So, this is my first post since I converted my site from WordPress to Jekyll. It was a really good experience and I learned a lot from it.
I'm not going to do a how-to, there are dozens of great articles and posts to be found, but I'm going offer a few quick bullet points.
What I used
- Yeoman to scaffold out my initial app.
- Jekyll to actually generate the site.
- A Python XML parser that took my a dump of my WP site's XML and converted the posts into Markdown.
- Grunt.js for build automation. This was especially helpful for processing my LESS files quickly.
- A few parts of Bootstrap. I hate recreating the wheel if I don't have to.
- GitHub for my hosting.
- IAWriter is a pretty sweet writing app and now I've got a good reason to use it.
- No more hosting. Between Dropbox and GitHub, it really doesn't make sense for me to pay a provider, even a really cheap one.
- Easier to template. WordPress isn't rocket science, but it's still a hassle to work with. The mistake I made with my last WP template was that I worked really hard to make it flexible and easy to create variations on, but went on to do absolutely nothing with it.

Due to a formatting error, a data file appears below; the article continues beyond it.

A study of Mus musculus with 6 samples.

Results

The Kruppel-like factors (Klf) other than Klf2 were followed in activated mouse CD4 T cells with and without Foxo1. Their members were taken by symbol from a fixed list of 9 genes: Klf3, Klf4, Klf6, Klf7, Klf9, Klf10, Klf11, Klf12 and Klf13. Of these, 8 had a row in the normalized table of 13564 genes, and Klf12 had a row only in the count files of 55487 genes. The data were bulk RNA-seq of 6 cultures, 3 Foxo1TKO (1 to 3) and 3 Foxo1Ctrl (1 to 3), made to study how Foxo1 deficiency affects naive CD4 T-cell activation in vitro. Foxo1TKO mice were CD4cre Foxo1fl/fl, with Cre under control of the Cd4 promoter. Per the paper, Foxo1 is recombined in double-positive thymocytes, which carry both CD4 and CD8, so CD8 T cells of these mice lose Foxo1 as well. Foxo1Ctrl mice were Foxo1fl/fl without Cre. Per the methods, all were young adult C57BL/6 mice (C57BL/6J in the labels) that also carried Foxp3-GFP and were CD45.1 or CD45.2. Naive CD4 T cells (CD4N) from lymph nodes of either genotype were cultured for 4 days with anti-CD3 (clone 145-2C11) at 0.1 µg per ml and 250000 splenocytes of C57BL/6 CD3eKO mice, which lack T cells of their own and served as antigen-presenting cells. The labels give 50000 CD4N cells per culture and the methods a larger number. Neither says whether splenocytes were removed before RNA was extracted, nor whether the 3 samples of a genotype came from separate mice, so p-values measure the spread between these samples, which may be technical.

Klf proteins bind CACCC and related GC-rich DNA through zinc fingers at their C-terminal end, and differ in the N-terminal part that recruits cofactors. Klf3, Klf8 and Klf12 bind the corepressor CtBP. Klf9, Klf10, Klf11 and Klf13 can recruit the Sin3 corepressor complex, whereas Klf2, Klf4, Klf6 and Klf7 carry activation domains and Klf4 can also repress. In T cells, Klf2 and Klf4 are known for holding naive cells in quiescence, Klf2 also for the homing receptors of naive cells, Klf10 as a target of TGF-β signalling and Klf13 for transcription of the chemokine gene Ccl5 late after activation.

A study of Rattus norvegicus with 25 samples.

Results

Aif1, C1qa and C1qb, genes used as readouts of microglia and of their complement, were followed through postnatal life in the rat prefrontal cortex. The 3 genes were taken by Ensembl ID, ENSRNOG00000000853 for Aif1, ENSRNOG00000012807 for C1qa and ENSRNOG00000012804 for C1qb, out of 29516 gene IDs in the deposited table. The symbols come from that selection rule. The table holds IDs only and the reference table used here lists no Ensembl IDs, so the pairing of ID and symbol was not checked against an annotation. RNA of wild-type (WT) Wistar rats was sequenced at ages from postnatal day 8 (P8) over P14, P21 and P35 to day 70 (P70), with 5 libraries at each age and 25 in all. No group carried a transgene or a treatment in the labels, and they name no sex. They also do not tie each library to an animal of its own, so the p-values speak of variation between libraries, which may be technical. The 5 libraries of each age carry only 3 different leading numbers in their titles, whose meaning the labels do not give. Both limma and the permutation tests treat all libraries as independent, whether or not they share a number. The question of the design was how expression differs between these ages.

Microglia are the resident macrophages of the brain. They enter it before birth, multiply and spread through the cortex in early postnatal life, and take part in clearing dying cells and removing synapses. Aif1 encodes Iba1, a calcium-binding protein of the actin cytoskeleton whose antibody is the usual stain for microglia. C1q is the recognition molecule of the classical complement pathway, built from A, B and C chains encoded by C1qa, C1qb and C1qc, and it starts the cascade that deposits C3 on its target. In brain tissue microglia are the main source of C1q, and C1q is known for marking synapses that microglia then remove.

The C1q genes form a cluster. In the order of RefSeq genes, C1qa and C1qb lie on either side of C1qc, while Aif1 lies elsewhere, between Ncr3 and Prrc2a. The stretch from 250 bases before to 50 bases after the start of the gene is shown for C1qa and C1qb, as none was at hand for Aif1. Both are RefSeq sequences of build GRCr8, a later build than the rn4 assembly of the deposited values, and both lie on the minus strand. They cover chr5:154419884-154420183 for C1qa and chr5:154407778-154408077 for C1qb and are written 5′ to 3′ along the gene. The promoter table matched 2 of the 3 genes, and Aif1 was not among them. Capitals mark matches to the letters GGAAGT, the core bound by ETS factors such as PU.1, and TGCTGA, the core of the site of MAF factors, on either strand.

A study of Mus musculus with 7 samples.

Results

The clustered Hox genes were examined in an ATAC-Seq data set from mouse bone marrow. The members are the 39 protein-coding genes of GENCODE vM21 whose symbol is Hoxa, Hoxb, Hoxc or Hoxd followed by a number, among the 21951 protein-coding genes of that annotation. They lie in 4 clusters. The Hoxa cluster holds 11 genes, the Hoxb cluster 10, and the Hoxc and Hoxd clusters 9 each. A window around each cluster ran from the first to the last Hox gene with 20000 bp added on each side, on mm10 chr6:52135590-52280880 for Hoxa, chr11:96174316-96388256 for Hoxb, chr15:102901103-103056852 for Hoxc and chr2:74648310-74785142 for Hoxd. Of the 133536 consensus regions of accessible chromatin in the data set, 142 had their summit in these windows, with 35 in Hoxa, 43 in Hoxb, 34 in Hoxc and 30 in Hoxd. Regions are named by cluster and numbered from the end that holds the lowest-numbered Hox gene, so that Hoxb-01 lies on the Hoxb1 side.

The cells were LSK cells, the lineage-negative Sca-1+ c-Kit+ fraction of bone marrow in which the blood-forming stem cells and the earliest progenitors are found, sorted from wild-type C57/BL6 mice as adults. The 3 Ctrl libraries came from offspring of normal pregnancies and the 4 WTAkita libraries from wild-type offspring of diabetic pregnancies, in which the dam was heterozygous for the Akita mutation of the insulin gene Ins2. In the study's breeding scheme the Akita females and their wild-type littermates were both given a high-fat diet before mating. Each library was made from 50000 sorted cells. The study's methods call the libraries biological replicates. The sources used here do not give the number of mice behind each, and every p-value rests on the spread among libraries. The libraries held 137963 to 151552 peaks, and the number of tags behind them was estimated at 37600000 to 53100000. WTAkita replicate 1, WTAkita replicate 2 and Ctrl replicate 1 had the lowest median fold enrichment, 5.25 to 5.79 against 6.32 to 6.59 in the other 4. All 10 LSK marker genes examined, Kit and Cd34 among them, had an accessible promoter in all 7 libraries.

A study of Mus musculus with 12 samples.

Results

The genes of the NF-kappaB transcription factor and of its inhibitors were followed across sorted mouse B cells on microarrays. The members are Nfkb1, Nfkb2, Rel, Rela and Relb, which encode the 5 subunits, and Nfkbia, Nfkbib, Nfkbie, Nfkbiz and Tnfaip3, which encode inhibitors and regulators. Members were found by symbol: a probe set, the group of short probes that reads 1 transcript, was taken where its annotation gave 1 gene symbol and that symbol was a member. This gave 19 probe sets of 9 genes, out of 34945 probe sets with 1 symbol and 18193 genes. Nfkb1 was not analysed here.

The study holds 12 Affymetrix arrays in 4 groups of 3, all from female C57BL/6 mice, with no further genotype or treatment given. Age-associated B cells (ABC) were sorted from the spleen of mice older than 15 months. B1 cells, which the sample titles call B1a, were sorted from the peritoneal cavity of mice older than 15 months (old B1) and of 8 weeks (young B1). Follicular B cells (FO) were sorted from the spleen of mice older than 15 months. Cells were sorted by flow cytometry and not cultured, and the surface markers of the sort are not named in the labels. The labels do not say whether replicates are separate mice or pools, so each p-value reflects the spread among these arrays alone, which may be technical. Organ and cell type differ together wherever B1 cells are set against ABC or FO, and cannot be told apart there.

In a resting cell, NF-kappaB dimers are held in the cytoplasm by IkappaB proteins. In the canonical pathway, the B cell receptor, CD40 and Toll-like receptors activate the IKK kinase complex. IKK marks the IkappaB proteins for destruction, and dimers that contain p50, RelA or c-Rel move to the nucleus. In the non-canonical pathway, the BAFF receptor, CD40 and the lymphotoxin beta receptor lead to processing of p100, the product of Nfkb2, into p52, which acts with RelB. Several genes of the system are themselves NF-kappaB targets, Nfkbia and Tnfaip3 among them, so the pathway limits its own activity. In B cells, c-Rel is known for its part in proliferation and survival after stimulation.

- No security concerns. Even though I didn't use a lot of the features that come with WordPress, plugins and commenting to name two, it was still just a matter of time before my site got hacked. I count myself lucky that it never happened, WP is a solid solution, but you know, it's the internet.
- Built-in versioning. It seems stupid, but I really like that I don't have to do anything extra for version control. This site is hosted on GitHub, so that's inherently taken care of.
- Meh. I don't know, I guess I feel obligated to come up with a Con, but I still haven't figured out a good way to write something with my iPad. I'd rather not script something to watch a Dropbox folder and push to GitHub from my home system, but that seems to be the solution others are using.
One major Pro I left for last, is that I feel okay with the progress on this site being iterative now. I've committed a ton of small changes in the design since it completely replaced my old site. FTP always felt like a huge chore, a big last step, but pushing to a repo for small, incremental changes feels natural.